Access to paid content on this site is currently suspended due to excessive activity being detected from your IP address Please contact the publisher to request reinstatement.
July 1990

Outcome in Manic DisordersA Naturalistic Follow-up Study

Author Affiliations

From the Department of Psychiatry, Michael Reese Hospital and Medical Center (Dr Harrow and Mr Goldberg), the Department of Psychiatry, University of Illinois College of Medicine (Dr Harrow), Committee on Human Development and Department of Psychology, University of Chicago (Dr Harrow), Northwestern University Medical School (Mr Goldberg), Departments of Psychiatry and Psychology and Social Sciences, Rush University, and Isaac Ray Center, Section on Psychiatry and the Law, Rush-Presbyterian—St Luke's Medical Center (Dr Grossman), Chicago, Ill; and Department of Psychiatry, Case Western Reserve University, Cleveland, Ohio (Dr Meltzer).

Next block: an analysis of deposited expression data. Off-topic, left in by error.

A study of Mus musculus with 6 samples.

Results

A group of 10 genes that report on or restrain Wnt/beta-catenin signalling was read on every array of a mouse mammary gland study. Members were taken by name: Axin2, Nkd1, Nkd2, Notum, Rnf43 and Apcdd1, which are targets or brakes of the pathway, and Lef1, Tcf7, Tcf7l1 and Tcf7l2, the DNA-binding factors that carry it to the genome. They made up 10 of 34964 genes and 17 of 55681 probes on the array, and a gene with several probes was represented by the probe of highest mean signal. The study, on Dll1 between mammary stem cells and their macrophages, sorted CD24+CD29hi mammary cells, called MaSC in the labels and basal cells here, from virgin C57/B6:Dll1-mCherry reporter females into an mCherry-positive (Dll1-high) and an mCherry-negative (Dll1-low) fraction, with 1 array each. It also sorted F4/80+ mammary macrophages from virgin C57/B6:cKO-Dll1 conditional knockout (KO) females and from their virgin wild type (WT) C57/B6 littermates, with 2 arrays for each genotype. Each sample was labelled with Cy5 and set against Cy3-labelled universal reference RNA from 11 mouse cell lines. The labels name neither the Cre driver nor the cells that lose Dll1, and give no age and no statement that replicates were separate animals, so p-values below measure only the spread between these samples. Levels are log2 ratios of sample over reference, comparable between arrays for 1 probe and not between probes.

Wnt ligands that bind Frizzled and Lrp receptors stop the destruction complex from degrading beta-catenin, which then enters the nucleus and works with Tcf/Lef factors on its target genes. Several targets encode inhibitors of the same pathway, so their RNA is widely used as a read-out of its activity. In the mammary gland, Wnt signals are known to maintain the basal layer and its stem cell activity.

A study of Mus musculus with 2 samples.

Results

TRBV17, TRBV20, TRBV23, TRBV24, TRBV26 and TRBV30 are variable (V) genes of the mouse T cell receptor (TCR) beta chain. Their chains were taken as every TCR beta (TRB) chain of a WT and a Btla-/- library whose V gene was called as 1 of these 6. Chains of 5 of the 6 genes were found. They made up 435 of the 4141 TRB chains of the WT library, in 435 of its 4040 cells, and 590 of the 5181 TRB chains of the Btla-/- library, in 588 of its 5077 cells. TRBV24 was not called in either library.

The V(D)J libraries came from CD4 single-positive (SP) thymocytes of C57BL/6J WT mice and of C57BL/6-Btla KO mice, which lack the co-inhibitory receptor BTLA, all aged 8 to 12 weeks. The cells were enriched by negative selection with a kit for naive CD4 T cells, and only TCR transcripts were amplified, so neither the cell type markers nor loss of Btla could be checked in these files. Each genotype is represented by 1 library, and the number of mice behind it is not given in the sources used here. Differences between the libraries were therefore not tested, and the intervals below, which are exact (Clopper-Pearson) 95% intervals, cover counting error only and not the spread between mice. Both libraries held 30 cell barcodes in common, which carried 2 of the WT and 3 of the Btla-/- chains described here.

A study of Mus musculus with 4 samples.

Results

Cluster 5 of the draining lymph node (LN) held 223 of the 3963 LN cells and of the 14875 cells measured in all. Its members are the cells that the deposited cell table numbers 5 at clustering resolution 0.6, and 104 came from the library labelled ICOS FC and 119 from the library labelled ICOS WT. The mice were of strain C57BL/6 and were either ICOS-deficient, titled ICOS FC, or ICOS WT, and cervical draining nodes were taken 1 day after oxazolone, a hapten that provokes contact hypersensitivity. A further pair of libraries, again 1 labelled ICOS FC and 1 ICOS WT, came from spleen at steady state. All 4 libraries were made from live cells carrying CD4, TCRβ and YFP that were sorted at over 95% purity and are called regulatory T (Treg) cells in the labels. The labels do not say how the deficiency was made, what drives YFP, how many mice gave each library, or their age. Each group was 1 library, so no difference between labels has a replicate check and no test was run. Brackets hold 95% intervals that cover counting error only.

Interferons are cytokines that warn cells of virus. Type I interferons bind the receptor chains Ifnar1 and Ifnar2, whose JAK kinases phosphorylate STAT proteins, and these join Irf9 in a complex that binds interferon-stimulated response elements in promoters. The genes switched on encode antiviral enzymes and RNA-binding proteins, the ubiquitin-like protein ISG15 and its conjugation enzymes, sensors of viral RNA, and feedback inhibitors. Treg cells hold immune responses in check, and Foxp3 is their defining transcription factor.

Arch Gen Psychiatry. 1990;47(7):665-671. doi:10.1001/archpsyc.1990.01810190065009

• To study outcome in manic patients treated under routine clinical conditions, 73 manic and 66 unipolar depressed patients were followed up 1.7 years after hospitalization. A surprisingly large percentage of manic patients showed difficulty in post-hospital adjustment, and over 40% experienced a manic syndrome during the follow-up period. Manic patients showed poorer outcomes than did unipolar depressives. Manic patients taking lithium carbonate did not show better outcome than those not taking lithium carbonate. The results suggest (1) many hospitalized manic patients have a severe, recurrent, and pernicious disorder; and (2) in routine clinical practice, lithium carbonate treatment is an effective prophylaxis for fewer than the 70% to 80% of manic patients previously reported.